Stellar is an open source blockchain that aims to facilitate crypto-asset transfers of value, which includes payments. Mainly, the project is focusing on building a worldwide financial network open to anyone by connecting individuals, institutions, and payments systems through its platform. Eventually, this will lead to a new system with cheaper, quicker and more reliable transactions.

stellar explained

How Stellar works?

The information is distributed all over the interconnected servers (nodes) in the Stellar Network. Instead of proof of work, Stellar uses its Stellar Consensus Protocol (SCP). The protocol provides a way to reach consensus without relying on a closed system in order to record a transaction. Stellar claims that SCP has a set of provable safety properties. The SCP is considered as the first implementation of the Federated Byzantine Agreement (FBA). Idealized in 2015 by David Mazière, the FBA describes a way for nodes in a network to reach an agreement. Its main key features are decentralized control, flexible trust, low latency, and asymptotic security.

Stellar Consensus Protocol

 

Stellar Decentralized Exchange (SDEX)

The Stellar Decentralized Exchange is an exchange that enables users to trade and transfer currencies across borders. Through SDEX, multiple currencies can be actively traded by either the bank themselves or a market maker directly on the exchange.

Stellar Team

Previously created one of the first bitcoin exchange, Jed McCaleb is the face and CTO of Stellar. Moreover, he founded and served as the CTO of Ripple which he left in 2013 due to differences in ideology against the rest of the team.

Compared to other projects and startups, Stellar has one of the most influential advisory boards in the tech world. The board includes Patrick Collison (Stripe CEO), Matt Mullenweg (WordPress Founder), Naval Ravikant (AngelList Founder), and Sam Altman (Y Combinator President).

Stellar roadmap

Stellar does not provide a concrete roadmap for the next years. However, by the launch of each year the team posts “their sort of roadmap” for the next year. For instance, in 2019, the main focus will be on Horizon, Stellar Core, Product, Ecosystem, and Organization.

Actually, the team is planning to add transactions that break in consensus to Horizon. In addition, in the second and third quarter of this year, the project is aiming to have more validators connected to the network. The team is planning to develop data access to Stellar core’s database, in addition to combining protection for corrupt archives and support full validator finding and bulk configuration.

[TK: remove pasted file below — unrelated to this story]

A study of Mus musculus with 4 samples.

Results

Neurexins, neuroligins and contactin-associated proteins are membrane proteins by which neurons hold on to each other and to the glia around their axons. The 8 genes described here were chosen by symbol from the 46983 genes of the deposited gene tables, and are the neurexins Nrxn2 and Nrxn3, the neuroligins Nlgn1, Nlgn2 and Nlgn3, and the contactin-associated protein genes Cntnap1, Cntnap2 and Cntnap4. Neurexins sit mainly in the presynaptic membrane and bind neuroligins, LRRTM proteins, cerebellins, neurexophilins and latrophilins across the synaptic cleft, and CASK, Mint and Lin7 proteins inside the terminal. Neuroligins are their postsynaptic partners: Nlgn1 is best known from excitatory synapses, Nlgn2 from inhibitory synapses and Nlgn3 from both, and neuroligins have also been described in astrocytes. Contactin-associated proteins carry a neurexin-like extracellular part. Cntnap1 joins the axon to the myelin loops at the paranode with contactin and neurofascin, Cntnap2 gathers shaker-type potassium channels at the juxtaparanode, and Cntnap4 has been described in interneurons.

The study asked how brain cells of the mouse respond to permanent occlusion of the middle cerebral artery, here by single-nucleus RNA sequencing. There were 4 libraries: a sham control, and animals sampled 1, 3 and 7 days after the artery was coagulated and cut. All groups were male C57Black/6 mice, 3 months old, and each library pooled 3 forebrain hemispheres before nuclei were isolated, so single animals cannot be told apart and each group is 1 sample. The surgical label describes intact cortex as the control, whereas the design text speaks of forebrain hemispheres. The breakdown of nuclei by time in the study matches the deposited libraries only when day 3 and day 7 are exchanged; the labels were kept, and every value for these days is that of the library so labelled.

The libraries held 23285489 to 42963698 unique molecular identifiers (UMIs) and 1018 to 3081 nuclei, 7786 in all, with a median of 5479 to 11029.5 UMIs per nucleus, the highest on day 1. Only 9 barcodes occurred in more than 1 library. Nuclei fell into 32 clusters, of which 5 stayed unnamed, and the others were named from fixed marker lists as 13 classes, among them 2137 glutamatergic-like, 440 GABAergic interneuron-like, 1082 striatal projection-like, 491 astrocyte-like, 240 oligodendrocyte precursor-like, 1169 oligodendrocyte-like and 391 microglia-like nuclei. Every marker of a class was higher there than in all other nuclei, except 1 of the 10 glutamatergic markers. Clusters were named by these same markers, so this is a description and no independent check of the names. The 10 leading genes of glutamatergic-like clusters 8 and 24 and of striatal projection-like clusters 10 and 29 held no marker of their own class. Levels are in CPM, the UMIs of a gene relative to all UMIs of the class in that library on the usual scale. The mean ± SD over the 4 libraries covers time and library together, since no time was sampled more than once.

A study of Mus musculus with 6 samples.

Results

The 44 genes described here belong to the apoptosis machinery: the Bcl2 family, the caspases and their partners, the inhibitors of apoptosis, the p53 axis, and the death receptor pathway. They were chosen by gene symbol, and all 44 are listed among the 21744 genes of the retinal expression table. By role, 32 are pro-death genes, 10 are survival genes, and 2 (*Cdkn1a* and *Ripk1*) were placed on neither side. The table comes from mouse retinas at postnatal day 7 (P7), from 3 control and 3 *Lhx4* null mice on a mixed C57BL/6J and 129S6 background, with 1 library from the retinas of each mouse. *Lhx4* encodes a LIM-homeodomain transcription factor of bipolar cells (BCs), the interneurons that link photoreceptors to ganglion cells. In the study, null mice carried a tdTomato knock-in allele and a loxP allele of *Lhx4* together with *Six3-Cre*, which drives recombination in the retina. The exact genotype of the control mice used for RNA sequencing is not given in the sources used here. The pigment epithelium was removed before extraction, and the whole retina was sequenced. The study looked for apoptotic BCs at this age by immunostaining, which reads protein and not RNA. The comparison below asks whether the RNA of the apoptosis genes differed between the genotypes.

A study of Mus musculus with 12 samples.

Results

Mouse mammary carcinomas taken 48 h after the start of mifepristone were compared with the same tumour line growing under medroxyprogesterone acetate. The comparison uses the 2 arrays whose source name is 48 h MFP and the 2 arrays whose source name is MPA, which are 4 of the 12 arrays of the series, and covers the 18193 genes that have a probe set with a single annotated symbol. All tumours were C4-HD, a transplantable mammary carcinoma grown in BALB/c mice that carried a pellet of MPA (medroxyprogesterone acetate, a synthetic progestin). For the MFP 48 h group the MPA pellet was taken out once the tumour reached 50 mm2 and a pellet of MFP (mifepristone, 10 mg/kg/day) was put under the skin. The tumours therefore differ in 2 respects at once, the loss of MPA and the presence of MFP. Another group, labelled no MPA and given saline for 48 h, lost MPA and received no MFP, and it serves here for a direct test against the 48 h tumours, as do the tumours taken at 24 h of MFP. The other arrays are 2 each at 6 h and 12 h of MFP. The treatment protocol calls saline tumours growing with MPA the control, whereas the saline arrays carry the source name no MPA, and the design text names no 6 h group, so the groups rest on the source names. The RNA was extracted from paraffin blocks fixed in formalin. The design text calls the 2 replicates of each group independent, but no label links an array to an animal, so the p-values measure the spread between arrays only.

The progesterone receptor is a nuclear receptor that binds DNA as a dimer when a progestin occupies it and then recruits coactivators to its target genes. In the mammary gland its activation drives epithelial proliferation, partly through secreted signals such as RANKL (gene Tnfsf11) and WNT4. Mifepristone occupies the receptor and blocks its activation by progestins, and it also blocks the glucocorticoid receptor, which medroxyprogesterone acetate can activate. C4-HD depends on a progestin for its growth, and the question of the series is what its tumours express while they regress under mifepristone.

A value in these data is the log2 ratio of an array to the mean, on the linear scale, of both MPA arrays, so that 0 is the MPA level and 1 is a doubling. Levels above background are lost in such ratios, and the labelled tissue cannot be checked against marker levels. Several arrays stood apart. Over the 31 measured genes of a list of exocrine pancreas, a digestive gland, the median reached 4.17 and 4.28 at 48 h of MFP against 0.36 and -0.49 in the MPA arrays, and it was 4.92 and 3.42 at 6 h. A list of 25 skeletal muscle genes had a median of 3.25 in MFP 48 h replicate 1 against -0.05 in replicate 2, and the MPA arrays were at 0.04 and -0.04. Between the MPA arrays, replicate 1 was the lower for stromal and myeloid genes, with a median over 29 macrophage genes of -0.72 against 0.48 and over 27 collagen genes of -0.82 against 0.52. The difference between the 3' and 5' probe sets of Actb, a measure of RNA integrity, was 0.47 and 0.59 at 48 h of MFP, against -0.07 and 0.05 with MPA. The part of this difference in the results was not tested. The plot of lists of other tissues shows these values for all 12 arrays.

Furthermore, 2019 roadmap highlights that the company is rebuilding its website. It is presumed to be ready by May 1st.

Stellar VS Ripple:

Key similarities:

  • Both co-founded by Jed McCaleb
  • No mining allowed – private nodes
  • Both use distributed ledger technology (DLT)
  • Near instant and free transactions
  • Perfect for international transfers
  • Developers control the circulating supply

Major Differences

Goal:

Stellar: Help the un-banked in poorer regions

Ripple: Supply banks and financial institutions

Consensus model:

Stellar: Stellar Consensus Protocol

Ripple: Proof-of-Correctness

Supply:

Stellar: Inflationary (1% per year)

Ripple: Deflationary (Transaction fees burned)

Control

Stellar: Considered less centralized

Ripple: Considered more centralized

 

Quick analysis

Advantages

Stellar is scalable
Compares to other blockchains, Stellar combines between a low transaction cost, a high number of transactions per second, and average settlement time. Actually, the average cost of a Stellar transaction is 1/100,000 of a penny. Moreover, recently Stellar achieved more than 10,000 transactions per second, with an average settlement time of 5 seconds.

Targeted partnerships
In order to achieve its main goal of building a cross-border payments application, Stellar made partnered with tech big names such as IBM and Deloitte, in addition to local companies including KlickEx in the South Pacific region, ICICI Bank in India, and Flutterwave in Africa.

Stellar enables smart contracting
Stellar has the ability to incorporate elements such as blockchain smart contracts, alongside features like multi signatures. Eventually, this potentially enhances the functionality of the payment protocol in general.

 

Disadvantages

Competition:
As mentioned above, in the difference section between Stellar and Ripple, the latter is focusing more on banks and financial institutions. This brings a very huge competition.

Minimum Limit for Having Access:
In order to have a working wallet, the user must have at least 20 XLM coins in his wallet.

 

Resources:

Website: https://www.stellar.org

Stellar Consensus Protocol Whitepaper: https://www.stellar.org/papers/stellar-consensus-protocol.pdf

2019 Roadmap: https://www.stellar.org/roadmap/

 

DISCLAIMER:

THIS ARTICLE IS FOR INFORMATIONAL PURPOSES ONLY AND SHOULD NOT BE VIEWED AS AN ENDORSEMENT BY DECENTRAL MAGAZINE. WE TAKE NO RESPONSIBILITY AND GIVE NO GUARANTEES, WARRANTIES OR REPRESENTATIONS, IMPLIED OR OTHERWISE, FOR THE CONTENT OR ACCURACY. READERS SHOULD DO THEIR OWN RESEARCH BEFORE INVESTING FUNDS IN ANY COMPANY.